First Quarter Construction Economics: The Good, The Bad, and the Ugly
By Anirban Basu, Chief Construction Economist, Marcum LLP
Issue 31 – First Quarter 2020
The Marcum Commercial Construction Index for the first quarter of 2020 reports an industry suffering the adverse effects of COVID-19. Construction employment fell by nearly one million jobs from March to April 2020, a decrease of 12.8 percent. The industry’s unemployment rate increased from 6.9 percent in March to 16.6 percent in April, the highest level since early 2012.
The second quarter of 2020 stands to be the worst economic quarter of our lives. Economists at JPMorgan predict that GDP will decline during the second quarter by 40 percent on an annualized basis. Other forecasters expect a decline closer to 30 percent, but in any case, the impacts are devastating for businesses, employees, government finances, and the psyche of various economic actors. GDP declined 4.8 percent on an annualized basis during the year’s initial quarter despite the fact that January and February were periods of solid economic performance. The GDP decline primarily reflects the economic weakness that characterized March’s final three weeks.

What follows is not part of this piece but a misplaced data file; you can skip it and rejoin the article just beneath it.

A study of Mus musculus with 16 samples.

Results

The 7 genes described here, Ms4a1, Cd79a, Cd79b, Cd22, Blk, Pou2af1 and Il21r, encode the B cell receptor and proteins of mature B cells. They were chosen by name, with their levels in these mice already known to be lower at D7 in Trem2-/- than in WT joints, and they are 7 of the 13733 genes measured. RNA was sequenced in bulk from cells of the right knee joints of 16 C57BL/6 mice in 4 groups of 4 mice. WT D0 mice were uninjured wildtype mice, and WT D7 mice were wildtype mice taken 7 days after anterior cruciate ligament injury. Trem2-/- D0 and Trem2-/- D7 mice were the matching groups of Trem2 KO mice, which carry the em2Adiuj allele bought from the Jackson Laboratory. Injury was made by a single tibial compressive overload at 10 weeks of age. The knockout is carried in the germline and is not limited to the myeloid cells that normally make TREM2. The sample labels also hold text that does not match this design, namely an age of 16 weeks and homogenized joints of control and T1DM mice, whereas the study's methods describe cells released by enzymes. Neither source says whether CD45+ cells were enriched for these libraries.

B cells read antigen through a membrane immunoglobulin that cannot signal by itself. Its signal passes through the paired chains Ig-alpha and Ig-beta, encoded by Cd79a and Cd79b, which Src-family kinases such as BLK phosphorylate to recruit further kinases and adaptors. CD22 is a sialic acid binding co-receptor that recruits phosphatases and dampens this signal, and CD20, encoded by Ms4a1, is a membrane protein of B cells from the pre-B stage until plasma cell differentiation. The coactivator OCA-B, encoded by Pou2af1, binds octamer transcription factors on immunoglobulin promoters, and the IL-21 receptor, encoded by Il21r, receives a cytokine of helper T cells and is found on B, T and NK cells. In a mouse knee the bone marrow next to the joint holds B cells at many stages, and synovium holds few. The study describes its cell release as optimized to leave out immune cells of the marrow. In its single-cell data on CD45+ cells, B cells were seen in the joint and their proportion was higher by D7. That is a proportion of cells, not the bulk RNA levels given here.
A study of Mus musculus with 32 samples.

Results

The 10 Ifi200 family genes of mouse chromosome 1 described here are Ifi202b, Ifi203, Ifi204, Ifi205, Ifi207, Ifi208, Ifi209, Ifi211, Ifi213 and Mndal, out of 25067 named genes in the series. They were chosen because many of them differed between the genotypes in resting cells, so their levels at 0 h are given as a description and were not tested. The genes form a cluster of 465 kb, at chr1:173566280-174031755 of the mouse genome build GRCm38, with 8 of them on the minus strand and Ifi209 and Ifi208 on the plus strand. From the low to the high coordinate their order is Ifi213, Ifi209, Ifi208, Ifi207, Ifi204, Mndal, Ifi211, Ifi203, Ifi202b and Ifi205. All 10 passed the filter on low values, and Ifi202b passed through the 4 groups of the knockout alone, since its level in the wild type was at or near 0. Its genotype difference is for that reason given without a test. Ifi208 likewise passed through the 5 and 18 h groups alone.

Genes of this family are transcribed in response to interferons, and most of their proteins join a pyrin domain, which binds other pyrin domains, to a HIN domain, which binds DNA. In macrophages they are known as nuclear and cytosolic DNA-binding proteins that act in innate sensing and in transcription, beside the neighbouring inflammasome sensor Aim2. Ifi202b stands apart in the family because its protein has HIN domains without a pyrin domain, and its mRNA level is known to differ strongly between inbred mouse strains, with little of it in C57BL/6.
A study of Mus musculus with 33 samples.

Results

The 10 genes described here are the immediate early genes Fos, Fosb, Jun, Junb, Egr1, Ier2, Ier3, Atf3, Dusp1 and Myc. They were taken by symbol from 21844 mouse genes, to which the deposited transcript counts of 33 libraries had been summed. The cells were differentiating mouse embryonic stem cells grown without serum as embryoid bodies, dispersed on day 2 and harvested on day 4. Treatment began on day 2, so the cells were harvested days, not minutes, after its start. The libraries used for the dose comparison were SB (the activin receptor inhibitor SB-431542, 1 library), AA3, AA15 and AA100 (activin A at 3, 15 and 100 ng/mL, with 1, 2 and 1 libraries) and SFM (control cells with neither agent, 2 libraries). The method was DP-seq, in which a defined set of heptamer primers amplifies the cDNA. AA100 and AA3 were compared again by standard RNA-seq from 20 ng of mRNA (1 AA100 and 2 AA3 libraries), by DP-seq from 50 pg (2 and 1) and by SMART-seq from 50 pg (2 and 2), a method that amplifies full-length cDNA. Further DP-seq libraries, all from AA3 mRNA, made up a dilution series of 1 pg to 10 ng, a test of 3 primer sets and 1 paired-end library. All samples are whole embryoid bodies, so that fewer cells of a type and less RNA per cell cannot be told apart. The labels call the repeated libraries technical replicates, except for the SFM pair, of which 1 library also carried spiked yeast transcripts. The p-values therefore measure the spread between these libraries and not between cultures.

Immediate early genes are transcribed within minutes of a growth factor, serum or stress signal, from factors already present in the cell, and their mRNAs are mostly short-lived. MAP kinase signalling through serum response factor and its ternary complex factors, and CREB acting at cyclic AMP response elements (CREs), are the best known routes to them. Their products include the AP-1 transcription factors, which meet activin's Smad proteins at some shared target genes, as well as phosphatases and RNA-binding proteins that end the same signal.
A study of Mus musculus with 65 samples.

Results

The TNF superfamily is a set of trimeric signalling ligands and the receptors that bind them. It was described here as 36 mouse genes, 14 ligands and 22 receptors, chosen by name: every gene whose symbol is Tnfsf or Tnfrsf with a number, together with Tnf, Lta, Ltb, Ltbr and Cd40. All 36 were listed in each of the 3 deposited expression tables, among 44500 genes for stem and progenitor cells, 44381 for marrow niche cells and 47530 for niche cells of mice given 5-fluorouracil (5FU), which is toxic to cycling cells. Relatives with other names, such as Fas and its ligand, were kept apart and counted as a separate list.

Typically, construction is protected in the early months of a recession, as months of backlog acquired over prior periods allow contractors to continue working even as the broader economy slows down. That was not the case this time around, however. Though some states allowed construction firms to continue working by deeming them “essential,” the economic shutdown has managed to quickly impact the industry. Associated Builders and Contractors Construction Backlog Indicator fell to 7.8 months in April, the lowest reading since the third quarter of 2012.